Courtesy of Whim 'n Rhythm and the Whiffenpoofs

The Whiffenpoofs — a historically all-male senior a cappella group — broke tradition once again this year and accepted multiple non-male members for the first time: Morgan Baker ’21, Lauren Bond ’21 and Emma Rutan ’21.

Yale’s two all-senior a cappella groups, the Whiffenpoofs and Whim ’n Rhythm, announced in 2018 that they would accept singers of all genders in their spring rush process. That year, the Whiffenpoofs admitted Sofía Campoamor ’20, the first female to sing in the group’s 100-plus-year history, and Neha Bhatt ’21, the first woman of color, joined the group in 2019.

“I was really overwhelmed and overjoyed — this has been a dream of mine since Sofía [Campoamor] made it possible a couple years ago,” Rutan said.

Rutan said she is honored to be part of this seminal moment in the group’s history.

“I think Yale College and the student body reflects inclusion for all people, and it’s about time that some of its older, more celebrated institutions follow suit,” Rutan said. “I don’t think gender integration will be a problem. It is something to explore and celebrate.”

Mark Gustaferro ’21, the business manager of the Whiffenpoofs of 2020, described the Whiffenpoofs’ incoming class as “uniquely talented” and “exceptional,” with each individual harboring powerful soloistic potential. He said the group’s increased inclusivity will greatly benefit its musical aptitude.

Gustaferro said the group admitted three non-male members because they were among the 14 best musicians that auditioned for them. He added that, for the past 108 years, the Whiffenpoofs have been “losing out on talent” by excluding non-males.

Gustaferro does not foresee a resulting impact on the social or business-related dynamics of the group. He said that most of the Whiffenpoofs’ clients are generally supportive and “on board with” the group’s increasing gender inclusivity. The Whiffenpoofs avoid clients who do not understand their mission, Gustaferro said.

“I don’t think the primary goal of the group has changed,” Gustaferro said. “It’s still to take the best senior vocalists and make really good music — inclusivity allows us to make better music as a group. That being said, I think we have augmented those principles with another principle, that the Whiffs accurately represent the talent at Yale and the pool of auditions we receive each year.”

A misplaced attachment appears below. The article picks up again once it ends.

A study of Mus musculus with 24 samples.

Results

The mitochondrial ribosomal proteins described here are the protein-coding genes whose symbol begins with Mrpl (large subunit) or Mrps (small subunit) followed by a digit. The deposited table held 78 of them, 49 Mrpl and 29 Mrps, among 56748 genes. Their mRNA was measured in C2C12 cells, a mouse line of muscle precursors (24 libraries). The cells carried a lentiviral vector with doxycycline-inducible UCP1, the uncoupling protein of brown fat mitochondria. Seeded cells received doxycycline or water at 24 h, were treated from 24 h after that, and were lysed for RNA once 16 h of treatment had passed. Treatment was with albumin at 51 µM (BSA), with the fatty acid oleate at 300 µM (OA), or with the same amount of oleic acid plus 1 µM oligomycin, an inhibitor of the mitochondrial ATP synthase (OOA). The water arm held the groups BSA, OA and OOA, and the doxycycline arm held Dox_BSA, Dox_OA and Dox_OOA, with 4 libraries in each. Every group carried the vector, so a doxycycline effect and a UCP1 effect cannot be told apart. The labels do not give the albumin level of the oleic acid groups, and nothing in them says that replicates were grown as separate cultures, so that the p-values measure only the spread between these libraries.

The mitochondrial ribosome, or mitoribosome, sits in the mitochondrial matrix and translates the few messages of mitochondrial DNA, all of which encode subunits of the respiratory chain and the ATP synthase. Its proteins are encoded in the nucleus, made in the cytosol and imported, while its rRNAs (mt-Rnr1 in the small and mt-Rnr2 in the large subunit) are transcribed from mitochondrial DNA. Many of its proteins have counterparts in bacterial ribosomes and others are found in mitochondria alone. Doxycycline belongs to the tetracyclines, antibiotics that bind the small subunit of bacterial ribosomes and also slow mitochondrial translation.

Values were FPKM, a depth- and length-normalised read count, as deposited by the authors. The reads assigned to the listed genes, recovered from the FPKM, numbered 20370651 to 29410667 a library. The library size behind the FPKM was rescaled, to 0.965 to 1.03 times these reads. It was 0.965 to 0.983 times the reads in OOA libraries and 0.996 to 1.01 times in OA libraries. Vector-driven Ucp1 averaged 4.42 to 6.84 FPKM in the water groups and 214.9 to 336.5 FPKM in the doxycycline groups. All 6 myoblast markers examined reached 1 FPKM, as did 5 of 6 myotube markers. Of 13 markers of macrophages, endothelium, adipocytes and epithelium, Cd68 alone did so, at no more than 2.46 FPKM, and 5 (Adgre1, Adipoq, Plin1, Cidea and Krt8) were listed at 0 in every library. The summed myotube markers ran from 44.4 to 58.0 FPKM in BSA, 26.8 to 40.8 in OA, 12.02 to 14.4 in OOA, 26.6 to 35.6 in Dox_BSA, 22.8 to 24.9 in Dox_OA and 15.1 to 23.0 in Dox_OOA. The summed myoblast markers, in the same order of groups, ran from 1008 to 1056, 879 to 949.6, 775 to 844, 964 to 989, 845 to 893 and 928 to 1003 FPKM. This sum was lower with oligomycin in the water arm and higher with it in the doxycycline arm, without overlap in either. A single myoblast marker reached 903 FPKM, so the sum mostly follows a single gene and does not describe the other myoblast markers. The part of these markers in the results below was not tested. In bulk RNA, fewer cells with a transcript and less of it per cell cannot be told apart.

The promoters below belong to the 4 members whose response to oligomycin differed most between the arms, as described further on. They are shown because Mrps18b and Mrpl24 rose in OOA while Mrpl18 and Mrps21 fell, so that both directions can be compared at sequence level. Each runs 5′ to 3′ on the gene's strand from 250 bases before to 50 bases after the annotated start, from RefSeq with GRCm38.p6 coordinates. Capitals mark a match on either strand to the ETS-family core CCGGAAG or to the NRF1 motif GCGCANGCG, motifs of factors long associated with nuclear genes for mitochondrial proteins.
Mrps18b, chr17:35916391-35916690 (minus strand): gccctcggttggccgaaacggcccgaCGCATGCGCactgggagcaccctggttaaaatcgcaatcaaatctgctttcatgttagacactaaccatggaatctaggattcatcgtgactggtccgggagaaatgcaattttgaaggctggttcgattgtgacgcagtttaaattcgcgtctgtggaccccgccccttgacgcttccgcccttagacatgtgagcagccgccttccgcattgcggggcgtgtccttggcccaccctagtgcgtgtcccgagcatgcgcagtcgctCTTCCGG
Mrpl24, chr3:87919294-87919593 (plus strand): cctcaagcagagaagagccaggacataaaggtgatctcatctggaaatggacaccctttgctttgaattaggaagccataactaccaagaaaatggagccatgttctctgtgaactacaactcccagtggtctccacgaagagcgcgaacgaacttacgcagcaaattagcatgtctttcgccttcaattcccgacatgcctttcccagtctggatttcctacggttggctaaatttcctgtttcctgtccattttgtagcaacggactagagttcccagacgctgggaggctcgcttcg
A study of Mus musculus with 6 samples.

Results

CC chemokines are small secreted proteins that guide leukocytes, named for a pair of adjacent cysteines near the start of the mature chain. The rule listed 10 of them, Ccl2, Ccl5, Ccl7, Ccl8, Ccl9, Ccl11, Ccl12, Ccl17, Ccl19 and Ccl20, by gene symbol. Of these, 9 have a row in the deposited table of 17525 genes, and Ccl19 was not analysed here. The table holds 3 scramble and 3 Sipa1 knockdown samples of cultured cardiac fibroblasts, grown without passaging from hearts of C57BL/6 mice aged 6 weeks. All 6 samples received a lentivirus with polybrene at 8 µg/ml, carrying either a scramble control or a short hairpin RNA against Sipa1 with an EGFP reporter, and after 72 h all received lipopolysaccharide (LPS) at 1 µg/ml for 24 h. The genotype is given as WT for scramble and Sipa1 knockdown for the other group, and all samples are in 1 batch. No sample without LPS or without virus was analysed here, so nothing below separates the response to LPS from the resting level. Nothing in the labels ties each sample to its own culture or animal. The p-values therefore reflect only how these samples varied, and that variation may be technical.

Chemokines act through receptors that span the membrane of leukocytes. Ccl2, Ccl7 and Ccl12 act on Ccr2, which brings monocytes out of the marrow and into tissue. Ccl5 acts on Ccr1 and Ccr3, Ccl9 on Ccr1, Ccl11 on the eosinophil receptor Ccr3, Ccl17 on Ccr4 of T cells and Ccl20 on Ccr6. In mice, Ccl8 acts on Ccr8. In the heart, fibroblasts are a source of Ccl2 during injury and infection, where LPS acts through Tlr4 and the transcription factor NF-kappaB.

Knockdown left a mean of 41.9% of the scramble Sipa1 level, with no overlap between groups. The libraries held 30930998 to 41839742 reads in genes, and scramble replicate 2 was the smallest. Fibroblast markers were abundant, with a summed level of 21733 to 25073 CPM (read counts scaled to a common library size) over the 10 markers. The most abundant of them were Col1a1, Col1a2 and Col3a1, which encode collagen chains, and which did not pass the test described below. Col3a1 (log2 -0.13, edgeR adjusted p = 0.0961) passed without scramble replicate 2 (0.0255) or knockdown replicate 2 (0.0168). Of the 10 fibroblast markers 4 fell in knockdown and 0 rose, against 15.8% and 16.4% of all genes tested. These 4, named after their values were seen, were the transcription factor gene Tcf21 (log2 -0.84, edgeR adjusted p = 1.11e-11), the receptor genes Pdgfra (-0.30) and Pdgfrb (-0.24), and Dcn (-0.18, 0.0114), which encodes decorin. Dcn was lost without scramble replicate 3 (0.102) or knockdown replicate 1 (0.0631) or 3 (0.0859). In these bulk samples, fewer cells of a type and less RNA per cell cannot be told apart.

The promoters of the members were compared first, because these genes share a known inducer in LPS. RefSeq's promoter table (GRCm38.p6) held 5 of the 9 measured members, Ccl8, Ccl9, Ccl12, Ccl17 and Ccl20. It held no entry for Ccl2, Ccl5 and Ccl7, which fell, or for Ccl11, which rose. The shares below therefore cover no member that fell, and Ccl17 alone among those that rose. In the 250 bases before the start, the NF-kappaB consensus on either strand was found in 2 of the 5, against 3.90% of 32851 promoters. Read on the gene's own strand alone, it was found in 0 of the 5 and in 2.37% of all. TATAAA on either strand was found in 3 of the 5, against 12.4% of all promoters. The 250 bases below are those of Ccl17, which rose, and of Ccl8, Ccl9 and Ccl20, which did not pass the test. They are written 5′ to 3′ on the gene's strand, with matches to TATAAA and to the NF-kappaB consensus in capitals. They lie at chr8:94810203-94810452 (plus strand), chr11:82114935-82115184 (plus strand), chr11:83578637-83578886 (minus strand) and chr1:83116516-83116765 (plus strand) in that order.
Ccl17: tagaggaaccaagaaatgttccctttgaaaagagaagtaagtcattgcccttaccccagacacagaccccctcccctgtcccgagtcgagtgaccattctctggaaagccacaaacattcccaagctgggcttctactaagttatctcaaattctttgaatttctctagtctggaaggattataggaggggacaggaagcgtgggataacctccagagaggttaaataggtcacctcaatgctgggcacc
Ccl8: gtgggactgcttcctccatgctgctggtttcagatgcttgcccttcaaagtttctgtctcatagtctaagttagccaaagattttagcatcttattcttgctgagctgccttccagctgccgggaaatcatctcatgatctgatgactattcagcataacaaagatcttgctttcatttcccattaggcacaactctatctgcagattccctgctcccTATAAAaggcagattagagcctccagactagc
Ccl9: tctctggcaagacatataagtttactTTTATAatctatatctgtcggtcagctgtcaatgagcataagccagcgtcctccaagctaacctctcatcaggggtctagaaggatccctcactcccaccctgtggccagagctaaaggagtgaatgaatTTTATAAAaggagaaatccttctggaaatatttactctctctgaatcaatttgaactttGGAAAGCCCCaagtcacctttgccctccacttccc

Baker was the first non-binary student to be admitted to another traditionally all-male a cappella group — the Duke’s Men of Yale, now known as Doox — in 2017. According to Baker, referring to Tenor, Baritone and Bass as “male” voice parts and Soprano and Alto as “female” voice parts creates an assumption that vocal types are inherently biological. Yet they noted that the ranges of different vocal parts overlap. Baker said that there is “no hard or fast” distinction between these different parts.

Baker said it is important to have multiple non-male members, but they “wonder where there is to go from here.” Baker noted that, despite the group’s increasing gender inclusivity, it is unclear whether the Whiffenpoofs will ever have gender parity because of their repertoire’s musical range.

The Whiffenpoofs’ current repertoire only includes Tenor and Bass vocal parts. Gustaferro said that, because he is not directly involved with the group’s future musical decisions, he does not know whether the group will ever attain complete gender parity. But he noted that the group currently does not have the “musical infrastructure” to support equally gendered numbers. The group would have to develop a SATB — Soprano, Alto, Tenor and Bass — repertoire to support different types of voices and vocal ranges.

According to Gustaferro, each Whiffenpoofs class reflects the audition pool of that year. He said that if the number of non-male auditions increases in the coming years, the Whiffenpoofs’ tap classes will be representative of that increase. Yet he mentioned the group is also trying to diversify in terms of socioeconomic representation.

Bhatt, who was the group’s only female member last year, said her experience was “pretty positive.” She said her presence provoked mixed responses among audience members. Still, people were generally “curious and positive,” and often asked if the group would include greater numbers of female members in the future.

Bhatt said she is happy to see more representation from non-males, and hopes they have a great experience. While she cannot predict proportions of male and non-male members in the future, she said she believes the group is “in great hands” for the next year.

Bond said she hopes this inclusion will incite conversation about gender and power dynamics at conventional performance venues. She believes there is an “impetus” among campus a cappella groups to diversify both their membership and their audiences in order to reflect a wider range of experiences.

Rutan said she is grateful for Campoamor, Bhatt and all other non-males who auditioned for the Whiffenpoofs in past decades.

“[Campoamor and Bhatt] demonstrate extreme bravery and stewardship, but there were a lot of women and non-males before them that challenged the system to make a stance for something they disagreed with,” Rutan said. “The efforts of all those people have come together to make space for Lauren, Morgan and me.”

Freya Savla | freya.savla@yale.edu

  • Seattle Sam

    “He said the group’s increased inclusivity will greatly benefit its musical aptitude.”

    Please explain how.

    “for the past 108 years, the Whiffenpoofs have been “losing out on talent” by excluding non-males.”

    Right. That’s why there was so little demand to have them perform.

    “Baker said it is important to have multiple non-male members”

    Again, please explain why. Would it similarly be important for the women’s lacrosse team to have multiple non-females?